New plans to end the "bollard blight" on Gosforth High Street are set to be unveiled next month.
Transport bosses in Newcastle have confirmed that new proposals have now been drawn up for the busy thoroughfare after long-standing complaints over its last redesign in 2020.
Dozens of bollards were installed along the length of the high street after the Covid pandemic hit, removing two lanes of traffic in order to give more social distancing space to pedestrians and cyclists.
But the scheme has been labelled 'confusing and ugly', with critics calling for a permanent solution that will be better for drivers, people on bikes, shoppers, and struggling businesses.
But a possible solution could now be just around the corner, as Newcastle City Council chiefs say that a new design that "we think will work well" will be made public in the coming weeks.
Labour councillor Jane Byrne, the council's cabinet member for transport, said: "I understand the concerns about the bollards. They are an issue which, not surprisingly, we have been looking to address and which have been raised with me by residents, local Labour party members and by Doc Anand when he delivered his petition.
"I asked officers to come up with a plan that improved the situation in the short-term and makes better use of Gosforth High Street in the longer term. Prior to these measures being put in place in 2020 in response to the pandemic, there were four lanes for vehicles despite it being one of the city's narrowest high streets.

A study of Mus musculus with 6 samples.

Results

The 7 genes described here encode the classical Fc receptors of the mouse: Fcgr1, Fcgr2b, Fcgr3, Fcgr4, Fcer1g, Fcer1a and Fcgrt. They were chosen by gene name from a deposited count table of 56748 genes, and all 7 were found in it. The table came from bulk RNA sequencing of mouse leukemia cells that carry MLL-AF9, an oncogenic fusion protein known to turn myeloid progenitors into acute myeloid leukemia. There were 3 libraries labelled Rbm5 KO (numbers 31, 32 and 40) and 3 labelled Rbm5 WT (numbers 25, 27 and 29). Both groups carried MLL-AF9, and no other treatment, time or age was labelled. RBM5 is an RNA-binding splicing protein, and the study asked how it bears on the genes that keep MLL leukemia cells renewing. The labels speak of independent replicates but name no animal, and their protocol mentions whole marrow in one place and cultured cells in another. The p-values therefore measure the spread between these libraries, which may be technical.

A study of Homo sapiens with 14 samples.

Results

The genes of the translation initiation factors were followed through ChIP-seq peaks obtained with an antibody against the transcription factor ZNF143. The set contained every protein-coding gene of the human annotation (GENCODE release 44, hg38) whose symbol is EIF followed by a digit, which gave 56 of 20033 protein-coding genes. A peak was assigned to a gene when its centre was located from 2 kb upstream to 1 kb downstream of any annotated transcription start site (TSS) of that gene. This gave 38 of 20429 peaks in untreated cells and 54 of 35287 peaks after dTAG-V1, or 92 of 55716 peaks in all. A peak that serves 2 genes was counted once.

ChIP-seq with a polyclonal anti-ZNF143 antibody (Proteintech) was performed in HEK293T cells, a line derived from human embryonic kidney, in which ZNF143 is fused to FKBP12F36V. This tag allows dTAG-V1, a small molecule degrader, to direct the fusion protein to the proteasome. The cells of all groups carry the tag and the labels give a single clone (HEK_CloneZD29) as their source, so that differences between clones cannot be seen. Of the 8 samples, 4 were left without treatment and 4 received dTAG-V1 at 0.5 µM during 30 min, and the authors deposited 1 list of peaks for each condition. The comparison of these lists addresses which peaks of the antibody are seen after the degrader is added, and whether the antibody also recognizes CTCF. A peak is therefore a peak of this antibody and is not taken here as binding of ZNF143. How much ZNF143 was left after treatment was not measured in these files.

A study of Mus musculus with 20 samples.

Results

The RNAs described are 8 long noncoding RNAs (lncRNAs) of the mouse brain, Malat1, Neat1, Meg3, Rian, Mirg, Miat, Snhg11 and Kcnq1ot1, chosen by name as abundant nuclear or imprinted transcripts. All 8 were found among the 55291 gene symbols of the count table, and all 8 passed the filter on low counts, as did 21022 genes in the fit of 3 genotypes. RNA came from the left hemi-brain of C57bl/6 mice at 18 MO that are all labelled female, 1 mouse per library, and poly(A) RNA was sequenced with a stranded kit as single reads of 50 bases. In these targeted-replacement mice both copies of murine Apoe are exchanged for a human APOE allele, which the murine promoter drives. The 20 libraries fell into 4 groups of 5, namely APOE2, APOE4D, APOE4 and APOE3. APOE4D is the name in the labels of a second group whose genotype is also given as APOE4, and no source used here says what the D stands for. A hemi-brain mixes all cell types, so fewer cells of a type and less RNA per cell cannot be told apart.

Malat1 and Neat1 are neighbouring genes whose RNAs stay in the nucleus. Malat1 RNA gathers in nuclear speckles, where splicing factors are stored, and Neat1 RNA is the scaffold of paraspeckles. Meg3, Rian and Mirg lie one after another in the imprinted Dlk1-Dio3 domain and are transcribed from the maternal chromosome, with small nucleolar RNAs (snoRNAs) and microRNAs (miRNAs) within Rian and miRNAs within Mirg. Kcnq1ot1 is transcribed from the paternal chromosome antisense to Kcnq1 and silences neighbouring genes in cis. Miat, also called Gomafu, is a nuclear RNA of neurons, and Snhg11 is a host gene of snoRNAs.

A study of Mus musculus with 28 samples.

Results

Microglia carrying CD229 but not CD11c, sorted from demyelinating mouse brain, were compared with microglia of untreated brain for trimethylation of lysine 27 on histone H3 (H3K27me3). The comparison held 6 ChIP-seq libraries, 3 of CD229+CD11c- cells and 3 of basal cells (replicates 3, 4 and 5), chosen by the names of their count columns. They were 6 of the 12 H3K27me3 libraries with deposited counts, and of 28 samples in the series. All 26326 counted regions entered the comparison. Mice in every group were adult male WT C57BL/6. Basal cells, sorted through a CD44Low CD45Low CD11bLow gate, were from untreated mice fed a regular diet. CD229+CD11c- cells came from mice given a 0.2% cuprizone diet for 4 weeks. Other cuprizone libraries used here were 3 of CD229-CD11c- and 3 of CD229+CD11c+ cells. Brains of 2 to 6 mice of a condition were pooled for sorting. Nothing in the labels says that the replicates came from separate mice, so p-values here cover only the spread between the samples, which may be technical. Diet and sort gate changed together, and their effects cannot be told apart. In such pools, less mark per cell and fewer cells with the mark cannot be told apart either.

"We now have a proposal that we think will work well and will be discussing it with local councillors and residents in September."
Gosforth ward councillor Tom Woodwark called for the high street to be treated "as a destination, not just a thoroughfare" and claimed that "over two years of bollard blight has disfigured our high street".
He added: "We need the traders to be consulted. In the current trading environment our local businesses need all the help they can get but all they have is this cone calamity.
"Obviously it is paramount that local residents have their input into this process. Bus users often tell me about needing bus shelters in bad weather.
"Are we getting a permanent cycle lane that would attract more local people to businesses? Are the pavements being permanently widened? These are questions we have been asking for two years. We need realistic options to be drawn-up and local people to be given the choice to decide the future for our high street."
The Newcastle Lib Dems' deputy leader, Colin Ferguson, met with council chief executive Pam Smith and senior director Michelle Percy on Gosforth High Street recently and said the discussion was "very helpful" after "two years of apparent paralysis".
Campaign group SPACE for Gosforth last month called for a "constructive conversation" about the road's future, saying the wands were "unsightly" but that reduced collisions and similar pollution levels had proved that four lanes of traffic were not needed.